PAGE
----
Most universities require prospective student organizations to obtain a faculty advisor before the school will consider recognizing the organization as an official on-campus club.
Texas A&M University, for example, requires every “recognized” student organization to have a faculty or staff advisor.
Campus Reform spoke to TAMU senior Cristina Bills who hoped to start a Young Women for America chapter on campus but was unsuccessful because she was unable to find a willing faculty member to serve as the club’s advisor.
“As conservative women we wanted to start a Young Women for America chapter here on campus at Texas A&M. To be affiliated with campus, we needed a campus advisor to be over our organization. Sadly, we could not find a professor or faculty member that wanted to be affiliated with us,” Bills said.
Bills admitted that she and her fellow officers searched for a faculty member for nearly six months before deciding to end the search and host the club’s meetings off-campus instead.
“Just because of our beliefs we couldn’t start the organization on campus, yet other left-winged organizations can and have advisors,” she told Campus Reform.
The University of Arkansas also requires that student organizations acquire a faculty advisor before being officially recognized by the university.
Junior Addison Pummill is the founder and president of the Network of Enlightened Women chapter at the University of Arkansas. She told Campus Reform that the “huge lack of conservative professors” at her university makes it “impossible” for her new club to meet the faculty advisor requirement.
Pummill is a Campus Reform correspondent.
University of Arkansas junior Nate Harris also told Campus Reform that it is “difficult” to find conservative faculty and staff on campus.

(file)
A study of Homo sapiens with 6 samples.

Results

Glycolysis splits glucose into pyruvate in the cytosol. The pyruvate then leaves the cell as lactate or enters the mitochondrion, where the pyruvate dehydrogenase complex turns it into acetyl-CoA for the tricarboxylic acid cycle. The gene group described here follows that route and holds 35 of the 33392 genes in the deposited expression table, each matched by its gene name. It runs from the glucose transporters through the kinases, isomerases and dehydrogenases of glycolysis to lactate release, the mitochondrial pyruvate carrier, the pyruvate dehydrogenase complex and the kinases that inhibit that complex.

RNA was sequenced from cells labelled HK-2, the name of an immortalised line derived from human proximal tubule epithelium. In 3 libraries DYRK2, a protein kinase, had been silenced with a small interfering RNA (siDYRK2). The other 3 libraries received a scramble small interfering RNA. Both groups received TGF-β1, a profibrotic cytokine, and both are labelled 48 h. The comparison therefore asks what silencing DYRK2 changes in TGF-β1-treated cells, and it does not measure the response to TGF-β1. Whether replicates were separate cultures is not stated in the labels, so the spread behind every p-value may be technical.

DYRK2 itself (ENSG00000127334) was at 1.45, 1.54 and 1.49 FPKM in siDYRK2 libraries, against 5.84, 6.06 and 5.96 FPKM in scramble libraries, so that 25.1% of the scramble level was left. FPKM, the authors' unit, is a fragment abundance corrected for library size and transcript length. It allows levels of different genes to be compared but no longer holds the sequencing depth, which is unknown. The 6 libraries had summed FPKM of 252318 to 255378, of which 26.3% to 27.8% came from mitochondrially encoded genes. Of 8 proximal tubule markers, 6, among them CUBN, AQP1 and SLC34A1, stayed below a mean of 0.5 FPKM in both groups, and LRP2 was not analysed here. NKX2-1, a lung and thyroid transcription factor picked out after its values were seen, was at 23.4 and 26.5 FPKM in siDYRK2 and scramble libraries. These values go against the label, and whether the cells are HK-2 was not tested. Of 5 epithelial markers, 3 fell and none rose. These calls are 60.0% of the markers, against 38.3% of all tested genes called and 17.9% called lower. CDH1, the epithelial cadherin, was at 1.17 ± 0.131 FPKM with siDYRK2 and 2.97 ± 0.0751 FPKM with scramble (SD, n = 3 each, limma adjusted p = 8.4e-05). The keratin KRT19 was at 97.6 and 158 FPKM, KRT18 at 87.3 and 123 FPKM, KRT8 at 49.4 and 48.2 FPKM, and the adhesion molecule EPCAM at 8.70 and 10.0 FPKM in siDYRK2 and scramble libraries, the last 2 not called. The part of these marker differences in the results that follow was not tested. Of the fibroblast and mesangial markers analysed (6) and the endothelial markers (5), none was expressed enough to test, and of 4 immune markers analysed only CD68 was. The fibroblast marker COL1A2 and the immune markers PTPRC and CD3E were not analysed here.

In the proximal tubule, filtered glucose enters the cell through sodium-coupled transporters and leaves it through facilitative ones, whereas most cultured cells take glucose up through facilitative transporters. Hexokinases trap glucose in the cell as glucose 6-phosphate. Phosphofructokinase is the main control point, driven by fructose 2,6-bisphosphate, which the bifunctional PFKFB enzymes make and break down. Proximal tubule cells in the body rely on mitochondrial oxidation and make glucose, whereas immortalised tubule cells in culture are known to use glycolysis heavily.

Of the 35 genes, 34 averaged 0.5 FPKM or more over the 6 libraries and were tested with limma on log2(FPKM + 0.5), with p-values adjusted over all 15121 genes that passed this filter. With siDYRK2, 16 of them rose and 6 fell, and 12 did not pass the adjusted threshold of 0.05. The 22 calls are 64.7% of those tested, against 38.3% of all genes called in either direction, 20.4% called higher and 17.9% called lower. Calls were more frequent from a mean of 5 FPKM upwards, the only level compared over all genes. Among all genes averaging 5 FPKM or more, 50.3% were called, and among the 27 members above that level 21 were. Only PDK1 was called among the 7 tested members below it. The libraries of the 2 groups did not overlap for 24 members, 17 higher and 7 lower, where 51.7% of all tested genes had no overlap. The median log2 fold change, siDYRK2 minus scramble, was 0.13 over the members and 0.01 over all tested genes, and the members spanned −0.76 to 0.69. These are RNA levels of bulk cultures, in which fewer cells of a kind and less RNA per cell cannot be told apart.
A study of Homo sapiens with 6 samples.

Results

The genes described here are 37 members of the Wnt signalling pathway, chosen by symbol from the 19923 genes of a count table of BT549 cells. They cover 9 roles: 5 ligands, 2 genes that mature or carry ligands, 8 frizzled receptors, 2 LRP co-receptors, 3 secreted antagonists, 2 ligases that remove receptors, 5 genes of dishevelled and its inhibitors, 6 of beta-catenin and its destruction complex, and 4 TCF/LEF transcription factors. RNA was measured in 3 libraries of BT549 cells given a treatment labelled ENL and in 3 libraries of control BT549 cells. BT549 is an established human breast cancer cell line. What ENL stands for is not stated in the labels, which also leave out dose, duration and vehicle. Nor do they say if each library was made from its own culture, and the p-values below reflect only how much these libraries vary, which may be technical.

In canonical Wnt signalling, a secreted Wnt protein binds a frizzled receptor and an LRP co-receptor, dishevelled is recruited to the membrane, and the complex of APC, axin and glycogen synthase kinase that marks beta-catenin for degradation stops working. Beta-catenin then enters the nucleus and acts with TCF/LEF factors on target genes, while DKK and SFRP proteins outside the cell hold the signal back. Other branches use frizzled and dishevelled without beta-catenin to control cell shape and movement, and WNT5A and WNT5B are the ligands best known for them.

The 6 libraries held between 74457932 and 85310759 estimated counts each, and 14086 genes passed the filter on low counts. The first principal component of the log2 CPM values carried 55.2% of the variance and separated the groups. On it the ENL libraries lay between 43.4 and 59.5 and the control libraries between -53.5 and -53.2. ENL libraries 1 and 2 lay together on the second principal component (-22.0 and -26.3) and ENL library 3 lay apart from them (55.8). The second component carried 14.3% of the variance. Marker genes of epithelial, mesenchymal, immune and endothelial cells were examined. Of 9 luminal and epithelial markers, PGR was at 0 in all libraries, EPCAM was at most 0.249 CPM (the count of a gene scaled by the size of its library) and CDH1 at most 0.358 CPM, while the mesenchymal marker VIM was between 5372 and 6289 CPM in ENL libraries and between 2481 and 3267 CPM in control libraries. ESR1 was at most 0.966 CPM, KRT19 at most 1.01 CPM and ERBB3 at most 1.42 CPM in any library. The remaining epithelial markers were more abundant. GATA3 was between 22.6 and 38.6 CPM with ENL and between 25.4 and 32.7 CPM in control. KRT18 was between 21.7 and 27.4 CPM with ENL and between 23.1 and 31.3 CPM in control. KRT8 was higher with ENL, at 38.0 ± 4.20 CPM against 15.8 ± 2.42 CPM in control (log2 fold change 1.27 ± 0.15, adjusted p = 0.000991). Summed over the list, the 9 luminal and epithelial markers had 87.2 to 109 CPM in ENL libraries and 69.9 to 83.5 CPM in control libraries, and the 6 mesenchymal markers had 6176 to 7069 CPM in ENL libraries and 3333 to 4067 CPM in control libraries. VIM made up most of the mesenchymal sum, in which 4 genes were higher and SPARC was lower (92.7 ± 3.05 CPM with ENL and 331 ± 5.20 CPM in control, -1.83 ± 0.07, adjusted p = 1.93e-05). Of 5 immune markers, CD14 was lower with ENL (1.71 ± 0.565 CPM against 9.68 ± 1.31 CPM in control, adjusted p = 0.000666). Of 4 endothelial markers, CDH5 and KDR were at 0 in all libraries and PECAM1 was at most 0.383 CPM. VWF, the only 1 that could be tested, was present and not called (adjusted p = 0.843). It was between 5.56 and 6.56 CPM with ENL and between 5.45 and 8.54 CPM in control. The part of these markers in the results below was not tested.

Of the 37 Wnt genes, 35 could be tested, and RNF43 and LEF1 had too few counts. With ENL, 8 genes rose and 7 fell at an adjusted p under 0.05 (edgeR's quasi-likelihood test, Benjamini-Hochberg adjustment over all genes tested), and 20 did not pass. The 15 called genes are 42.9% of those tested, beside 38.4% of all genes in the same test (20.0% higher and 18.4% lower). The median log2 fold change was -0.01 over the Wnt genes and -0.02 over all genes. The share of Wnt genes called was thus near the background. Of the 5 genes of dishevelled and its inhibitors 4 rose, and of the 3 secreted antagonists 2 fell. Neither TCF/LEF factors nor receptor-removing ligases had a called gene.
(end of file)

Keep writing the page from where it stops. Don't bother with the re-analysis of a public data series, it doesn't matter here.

“It seems that there are only a few conservative professors present on the campus,” Harris said.
Even if a prospective club’s founders find a conservative-leaning professor, there are still obstacles to overcome, according to Pummill.
“Unfortunately, the rare conservative professor cannot take on another club because they are already the faculty advisor for too many other clubs,” she said.
Harris echoed this when he told Campus Reform that “vocal conservative” faculty members are “typically advising multiple groups and have little time for new conservative groups.”
Providing a hypothesis for why this is the case, Harris revealed that there is an “effort to drive out the conservative faculty members.”
“There are accounts of openly conservative faculty being intimidated, demoted, and mistreated by the deans of their respective schools due to ideological differences,” Harris said.
“This reality is disheartening and a barrier to political engagement at the University of Arkansas. The administration seems devoted to promoting ‘diversity’ but not intellectual diversity,” he continued. “Sadly, it seems that the administration will go on with business as usual in promoting a liberal agenda as well as continually making it difficult for conservative groups to form without impediments.”
“Without a more politically diverse faculty, there is no hope for conservative students to spread their ideas, educate their peers, and be involved on campus,” Pummill told Campus Reform.
The American Council of Trustees and Alumni echoed Pummill’s sentiment in a statement to Campus Reform.
“Unfortunately, on most campuses, conservative faculty and administrators are on the verge of extinction,” the statement read. “While one’s political beliefs should never be the basis for hiring decisions, institutions must address when students do not have equal access to educational opportunities.”
Sophomore Cristen Lameira is attempting to start a Turning Point USA chapter at Miami Dade College Kendall Campus but is also having a hard time finding an advisor.
Lameira is a Campus Reform correspondent.
She told Campus Reform that she is facing difficulty because “professors are afraid to lose their job if they are associated with political activist organizations like TPUSA.”
If Lameira does not find a faculty member willing to serve as advisor to her new club by September 24, she will be forced to “dismantle” her goal of starting the organization on campus.
In spite of the difficulties conservative students are facing on-campus, Bills offered a positive outlook on the situation to Campus Reform.
“Despite these hardships, we must keep up the good fight & be strong in our beliefs & know that they are true through these crazy times!,” Bills concluded to Campus Reform.
This article originally appeared here.